Chronic insomnia disorder is one of the most common problems in postmenopausal women, exacerbated by underdiagnosis and improper treatment.
This double-blinded, randomized, placebo-controlled trial was conducted to evaluate the potential of vitamin E to treat chronic insomnia as an alternative to sedative drugs and hormonal therapy.
The study enrolled 160 postmenopausal women with chronic insomnia disorder, divided randomly into two groups. The vitamin E group received 400 units of mixed tocopherol daily, while the placebo group received an identical oral capsule.
The primary outcome of this study was sleep quality assessed by the Pittsburgh Sleep Quality Index (PSQI), a self-evaluated and standardized questionnaire. The secondary outcome was the percentage of participants using sedative drugs. There were no significant differences in baseline characteristics between the study groups.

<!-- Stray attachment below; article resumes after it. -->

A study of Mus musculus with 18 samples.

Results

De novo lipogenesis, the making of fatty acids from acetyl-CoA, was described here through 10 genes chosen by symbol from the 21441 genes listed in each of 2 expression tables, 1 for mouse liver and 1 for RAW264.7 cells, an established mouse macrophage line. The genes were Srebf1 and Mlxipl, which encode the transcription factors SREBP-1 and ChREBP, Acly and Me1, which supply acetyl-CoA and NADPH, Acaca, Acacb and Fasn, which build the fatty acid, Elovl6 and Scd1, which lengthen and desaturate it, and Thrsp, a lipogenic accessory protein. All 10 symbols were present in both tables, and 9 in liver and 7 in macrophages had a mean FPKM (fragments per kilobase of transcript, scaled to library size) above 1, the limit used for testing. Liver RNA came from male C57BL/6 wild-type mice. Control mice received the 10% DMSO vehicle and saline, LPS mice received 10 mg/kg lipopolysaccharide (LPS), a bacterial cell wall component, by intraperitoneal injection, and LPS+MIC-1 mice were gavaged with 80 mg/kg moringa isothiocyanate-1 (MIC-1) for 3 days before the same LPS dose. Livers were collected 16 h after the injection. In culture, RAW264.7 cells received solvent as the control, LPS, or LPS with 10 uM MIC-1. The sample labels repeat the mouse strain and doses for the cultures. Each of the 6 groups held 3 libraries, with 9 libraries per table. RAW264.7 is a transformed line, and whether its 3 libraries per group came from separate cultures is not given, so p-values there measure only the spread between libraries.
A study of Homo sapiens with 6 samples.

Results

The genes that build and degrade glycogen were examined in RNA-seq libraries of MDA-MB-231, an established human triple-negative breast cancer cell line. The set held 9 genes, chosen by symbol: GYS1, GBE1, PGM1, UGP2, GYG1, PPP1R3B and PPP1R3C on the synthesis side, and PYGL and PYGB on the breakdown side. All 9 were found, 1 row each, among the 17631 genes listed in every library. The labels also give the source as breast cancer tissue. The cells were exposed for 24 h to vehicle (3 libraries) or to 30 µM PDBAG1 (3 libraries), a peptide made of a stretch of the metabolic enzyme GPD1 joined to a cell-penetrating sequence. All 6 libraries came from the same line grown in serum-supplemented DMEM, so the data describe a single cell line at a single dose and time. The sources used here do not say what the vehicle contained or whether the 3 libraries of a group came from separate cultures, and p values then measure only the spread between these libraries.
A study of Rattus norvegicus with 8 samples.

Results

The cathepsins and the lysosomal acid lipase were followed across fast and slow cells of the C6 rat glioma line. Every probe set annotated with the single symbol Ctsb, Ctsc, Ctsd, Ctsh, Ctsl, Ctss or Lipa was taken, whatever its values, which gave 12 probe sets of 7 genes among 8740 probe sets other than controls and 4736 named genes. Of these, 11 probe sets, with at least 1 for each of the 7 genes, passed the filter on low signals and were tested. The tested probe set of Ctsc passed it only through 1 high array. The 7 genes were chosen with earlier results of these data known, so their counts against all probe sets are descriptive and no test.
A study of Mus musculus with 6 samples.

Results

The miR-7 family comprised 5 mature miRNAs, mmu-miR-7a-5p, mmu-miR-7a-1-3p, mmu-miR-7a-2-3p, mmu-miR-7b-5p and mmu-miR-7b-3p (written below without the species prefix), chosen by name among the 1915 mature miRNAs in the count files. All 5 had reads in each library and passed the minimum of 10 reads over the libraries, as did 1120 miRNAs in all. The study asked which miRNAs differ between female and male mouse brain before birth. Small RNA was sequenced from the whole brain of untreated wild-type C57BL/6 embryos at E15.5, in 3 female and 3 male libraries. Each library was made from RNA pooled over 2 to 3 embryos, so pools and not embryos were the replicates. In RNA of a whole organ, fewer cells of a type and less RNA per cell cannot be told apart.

However, the median PSQI score at baseline was slightly higher in the vitamin E group compared with the placebo. After one month of intervention, the PSQI score was significantly lower (indicating better sleep quality) in the vitamin E group compared with the placebo.
Moreover, the improvement score was significantly higher in the vitamin E group compared with the placebo. In addition, there was a significant reduction in the percentage of patients using sedative drugs in the vitamin E group (15%), while this reduction was not statistically significant in the placebo group (7.5%).
This study demonstrates vitamin E’s potential as an excellent alternative treatment for chronic insomnia disorder that improves sleep quality and reduces sedative drug use.